A top-tier GOP redistricting expert is being paid with public dollars to draw new districts that will give an advantage to Republicans.
Tom Hofeller was Redistricting Chairman for the Republican National Committee from the 1980s through the early 2000s. He’s now a mapping consultant, one of the top experts in the political arena.
State Senate Redistricting Chairman Bob Rucho, R-Mecklenburg, confirmed today Hofeller is being paid through the General Assembly’s budget. Rucho said the payments will go through the law firm they’ve hired, charged to the state as an expense. “That’s how it’s done,” Rucho said.
Unless the attorneys send lawmakers a detailed bill with Hofeller’s contract broken out, it may never be known how much tax money was spent on it.
Rucho was quick to point out that Democrats are benefiting from taxpayer money, too. He says $64,000 has been allocated to the Legislative Black Caucus for attorneys and expenses to draw their own set of maps. “We never got that,” Rucho said of the GOP.
He said $32,000 has been spent to date, but the Legislative Black Caucus has yet to produce a map. “What did the people get?” he asked.
Dems in 2001
During the last redistricting cycle in 2001, Democrats were in charge. They hired political consultant Kevin LeCount to manage their legislative redistricting efforts.
LeCount estimates he was paid about $102,000 for 17 months of work, averaging around $6,000 a month. But taxpayers didn’t foot the bill.
LeCount says Democratic leaders at the time set up a special party-related organization to raise money to pay for his services. He said the DCCC contributed some of the funding for his work, too. But he said national party leaders were not involved in drawing the maps.
“They gave no advice on what this or that district should look like,” LeCount said, even at the congressional level.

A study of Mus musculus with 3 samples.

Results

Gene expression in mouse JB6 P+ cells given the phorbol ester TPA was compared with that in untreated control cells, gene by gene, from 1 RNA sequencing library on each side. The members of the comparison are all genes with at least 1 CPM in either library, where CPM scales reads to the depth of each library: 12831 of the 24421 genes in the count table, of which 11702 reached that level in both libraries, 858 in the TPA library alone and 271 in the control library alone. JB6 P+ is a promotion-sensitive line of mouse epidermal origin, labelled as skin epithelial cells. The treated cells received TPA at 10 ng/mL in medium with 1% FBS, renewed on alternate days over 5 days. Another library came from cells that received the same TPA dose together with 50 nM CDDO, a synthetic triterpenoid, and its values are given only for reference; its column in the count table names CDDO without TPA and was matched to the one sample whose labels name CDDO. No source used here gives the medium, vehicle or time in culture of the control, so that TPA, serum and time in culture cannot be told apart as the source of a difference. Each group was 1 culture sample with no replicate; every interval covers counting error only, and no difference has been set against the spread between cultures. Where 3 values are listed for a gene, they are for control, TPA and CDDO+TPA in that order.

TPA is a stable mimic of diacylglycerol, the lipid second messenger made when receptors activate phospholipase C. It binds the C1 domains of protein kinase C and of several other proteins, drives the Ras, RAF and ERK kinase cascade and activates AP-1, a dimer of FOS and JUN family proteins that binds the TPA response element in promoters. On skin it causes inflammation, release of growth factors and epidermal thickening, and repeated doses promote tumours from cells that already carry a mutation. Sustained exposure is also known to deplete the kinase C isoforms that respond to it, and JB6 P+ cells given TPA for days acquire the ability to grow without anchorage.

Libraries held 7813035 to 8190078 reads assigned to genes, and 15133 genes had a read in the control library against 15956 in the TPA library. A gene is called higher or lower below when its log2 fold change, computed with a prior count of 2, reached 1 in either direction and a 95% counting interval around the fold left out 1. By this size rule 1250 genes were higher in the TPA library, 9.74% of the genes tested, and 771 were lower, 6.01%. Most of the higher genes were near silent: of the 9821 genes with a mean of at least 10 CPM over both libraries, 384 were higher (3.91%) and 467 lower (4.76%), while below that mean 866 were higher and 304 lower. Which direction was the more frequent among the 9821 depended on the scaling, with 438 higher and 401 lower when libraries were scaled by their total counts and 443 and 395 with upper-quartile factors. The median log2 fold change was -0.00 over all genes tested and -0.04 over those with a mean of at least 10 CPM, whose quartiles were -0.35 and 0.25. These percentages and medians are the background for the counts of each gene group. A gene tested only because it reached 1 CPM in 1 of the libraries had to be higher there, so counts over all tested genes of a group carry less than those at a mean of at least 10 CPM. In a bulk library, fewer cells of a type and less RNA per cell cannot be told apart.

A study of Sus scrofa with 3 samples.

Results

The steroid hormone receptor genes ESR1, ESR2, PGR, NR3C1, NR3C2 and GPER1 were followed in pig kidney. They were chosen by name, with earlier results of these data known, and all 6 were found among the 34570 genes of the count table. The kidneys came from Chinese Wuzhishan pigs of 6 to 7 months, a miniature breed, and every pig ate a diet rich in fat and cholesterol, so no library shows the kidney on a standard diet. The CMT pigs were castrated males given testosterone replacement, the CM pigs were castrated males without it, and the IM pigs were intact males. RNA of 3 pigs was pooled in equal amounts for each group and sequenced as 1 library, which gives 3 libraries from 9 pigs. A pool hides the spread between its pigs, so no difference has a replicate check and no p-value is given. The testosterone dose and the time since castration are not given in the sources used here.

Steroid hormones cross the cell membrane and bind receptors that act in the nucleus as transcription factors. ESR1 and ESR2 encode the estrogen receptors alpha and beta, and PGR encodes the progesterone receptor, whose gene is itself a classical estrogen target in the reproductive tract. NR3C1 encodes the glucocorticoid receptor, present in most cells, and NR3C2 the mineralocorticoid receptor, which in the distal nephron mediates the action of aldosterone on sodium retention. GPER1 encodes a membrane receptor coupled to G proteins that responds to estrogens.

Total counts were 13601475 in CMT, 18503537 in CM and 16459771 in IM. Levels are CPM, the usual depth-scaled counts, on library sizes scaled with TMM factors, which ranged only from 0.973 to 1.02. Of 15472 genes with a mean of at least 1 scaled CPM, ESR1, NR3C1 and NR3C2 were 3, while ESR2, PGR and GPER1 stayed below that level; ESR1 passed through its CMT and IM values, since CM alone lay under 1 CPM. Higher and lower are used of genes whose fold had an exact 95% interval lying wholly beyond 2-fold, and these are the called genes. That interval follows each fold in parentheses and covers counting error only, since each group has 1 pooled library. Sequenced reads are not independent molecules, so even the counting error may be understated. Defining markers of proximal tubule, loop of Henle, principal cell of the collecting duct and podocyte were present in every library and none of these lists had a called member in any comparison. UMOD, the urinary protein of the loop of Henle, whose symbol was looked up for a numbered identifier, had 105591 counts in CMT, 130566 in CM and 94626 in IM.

LeCount said he did have a small contract with the General Assembly in 2004, when the maps he helped draw were headed to DC for pre-clearance for the third time. Democrats hired outside legal counsel to manage the process, and LeCount said he was paid about $3000 in public money to explain the maps to the attorneys who would defend it.
Party or public?
So who should pay for redistricting help?
Redistricting expert Tim Storey with the National Conference of State Legislatures isn’t sure there's any “norm” for how other legislatures pay their mapmaking help. That’s partly because states have such a wide variety of redistricting processes.
“It’s not uncommon for states to use outside consultants and legal counsel,” Storey said, but he said NCSL has never taken a survey to see who pays for them.
NC Center for Voter Education director Damon Circosta wants to see the state move to a nonpartisan redistricting process. He says this is one more reason lawmakers should consider it for the next cycle in 2020.
“Partisan gerrymandering is never good for voters,” he said. “But even in the partisan system that we’ve got, there should be some modicum of restraint. When you hire somebody like this, you’re saying, ‘We’re after partisan advantage, and that’s our first and foremost priority’.”
And Circosta doesn't think taxpayers should have to bankroll that priority.
“If the goal of hiring an expert is to achieve partisan advantage, and not fair and legal maps, then it shouldn’t be publicly paid for,” Circosta said.